State air pollution officers release new report
The California Air Pollution Control Officers’ Association (CAPCOA), a statewide organization of local air quality agencies, has released the 2015 California Progress Toward Clean Air report.
The report compiles air quality data, progress and initiatives from the 35 local air districts throughout California in 2014.
The report provides information useful to city, county and state planners as well as businesses and the general public.
It also addresses the continuing air quality challenges that California faces and presents air quality data in an accessible format, helping the public understand how statewide air has improved over time.
California’s Progress Toward Clean Air is available for download at capcoa.org.
Or visit the Northern Sierra Air Quality Management District’s webpage at http://www.myairdistrict.com.
The report shows that since 1990, California’s population has increased by 29 percent, the number of vehicles on California roads has increased by 32 percent, and the economy has grown by 83 percent, yet statewide emissions of smog-forming pollutants have decreased by over 50 percent.
Multiple studies have shown that the benefits of air pollution measures implemented over the years far exceed the cost of implementing such measures.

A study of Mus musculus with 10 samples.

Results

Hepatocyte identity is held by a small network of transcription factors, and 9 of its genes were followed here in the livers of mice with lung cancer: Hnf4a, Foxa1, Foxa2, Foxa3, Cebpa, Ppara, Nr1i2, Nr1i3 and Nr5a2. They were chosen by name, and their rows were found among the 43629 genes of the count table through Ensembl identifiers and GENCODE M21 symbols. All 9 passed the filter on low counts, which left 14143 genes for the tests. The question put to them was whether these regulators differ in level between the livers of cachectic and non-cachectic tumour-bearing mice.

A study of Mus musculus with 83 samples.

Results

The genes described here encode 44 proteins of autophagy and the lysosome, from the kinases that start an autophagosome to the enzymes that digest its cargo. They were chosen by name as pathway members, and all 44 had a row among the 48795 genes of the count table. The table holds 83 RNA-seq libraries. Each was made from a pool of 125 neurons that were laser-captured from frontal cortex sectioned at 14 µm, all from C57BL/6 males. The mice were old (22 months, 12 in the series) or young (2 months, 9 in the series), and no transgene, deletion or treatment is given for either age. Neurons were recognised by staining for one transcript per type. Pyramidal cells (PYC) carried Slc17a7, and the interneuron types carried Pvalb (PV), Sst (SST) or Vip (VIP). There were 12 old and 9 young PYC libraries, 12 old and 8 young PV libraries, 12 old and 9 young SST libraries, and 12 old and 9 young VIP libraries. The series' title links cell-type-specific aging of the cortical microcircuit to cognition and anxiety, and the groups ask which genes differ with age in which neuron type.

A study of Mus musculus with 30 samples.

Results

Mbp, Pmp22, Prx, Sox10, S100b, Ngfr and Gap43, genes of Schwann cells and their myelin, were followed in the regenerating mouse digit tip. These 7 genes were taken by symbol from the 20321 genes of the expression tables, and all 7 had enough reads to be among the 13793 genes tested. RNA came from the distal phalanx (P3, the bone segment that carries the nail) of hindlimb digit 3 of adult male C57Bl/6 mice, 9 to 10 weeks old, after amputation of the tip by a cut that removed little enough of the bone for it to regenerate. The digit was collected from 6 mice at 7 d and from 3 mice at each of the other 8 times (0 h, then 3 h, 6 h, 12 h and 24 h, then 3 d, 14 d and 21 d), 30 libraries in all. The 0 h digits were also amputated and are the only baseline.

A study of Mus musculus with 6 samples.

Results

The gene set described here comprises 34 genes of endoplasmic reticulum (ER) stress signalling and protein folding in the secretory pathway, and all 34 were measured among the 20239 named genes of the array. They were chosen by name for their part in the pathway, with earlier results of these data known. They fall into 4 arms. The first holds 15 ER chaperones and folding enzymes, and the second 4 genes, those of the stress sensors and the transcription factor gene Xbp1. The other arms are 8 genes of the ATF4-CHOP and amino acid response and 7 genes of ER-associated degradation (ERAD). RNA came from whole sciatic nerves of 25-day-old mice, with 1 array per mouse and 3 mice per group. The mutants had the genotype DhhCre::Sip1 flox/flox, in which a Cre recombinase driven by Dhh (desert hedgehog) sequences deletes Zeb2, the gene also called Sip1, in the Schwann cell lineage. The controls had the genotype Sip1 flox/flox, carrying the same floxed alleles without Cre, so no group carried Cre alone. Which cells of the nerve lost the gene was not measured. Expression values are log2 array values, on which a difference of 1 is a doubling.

While there is an ongoing trend of air quality improvement across the state, the challenges ahead seem daunting: California’s drought has significantly impacted levels of fine particles known as PM 2.5; climate change threatens to undo years of clean air progress; and medical research indicates the health effects of air pollution have been previously underestimated.
As a result, the federal government has recently proposed to strengthen the health-based standard for ground level ozone, a principal component of summertime smog.
Achieving this more health protective standard will require further reductions of smog-forming pollutants on top of regulations that are already among the strongest in the nation.
The 68-page report contains detailed information on the state’s clean-air progress and challenges, data on 2014 levels of ozone and PM2.5 around the state and descriptions of air pollution control programs at the state’s air districts.
Gretchen Bennitt, Air Pollution Control Officer of Northern Sierra Air Quality Management District said, “The report demonstrates that western Nevada County has experienced dramatic improvements in ozone in the last few years. Eastern Nevada County has improved greatly in PM2.5 over the past 15 years due to the proactive efforts of the town of Truckee.”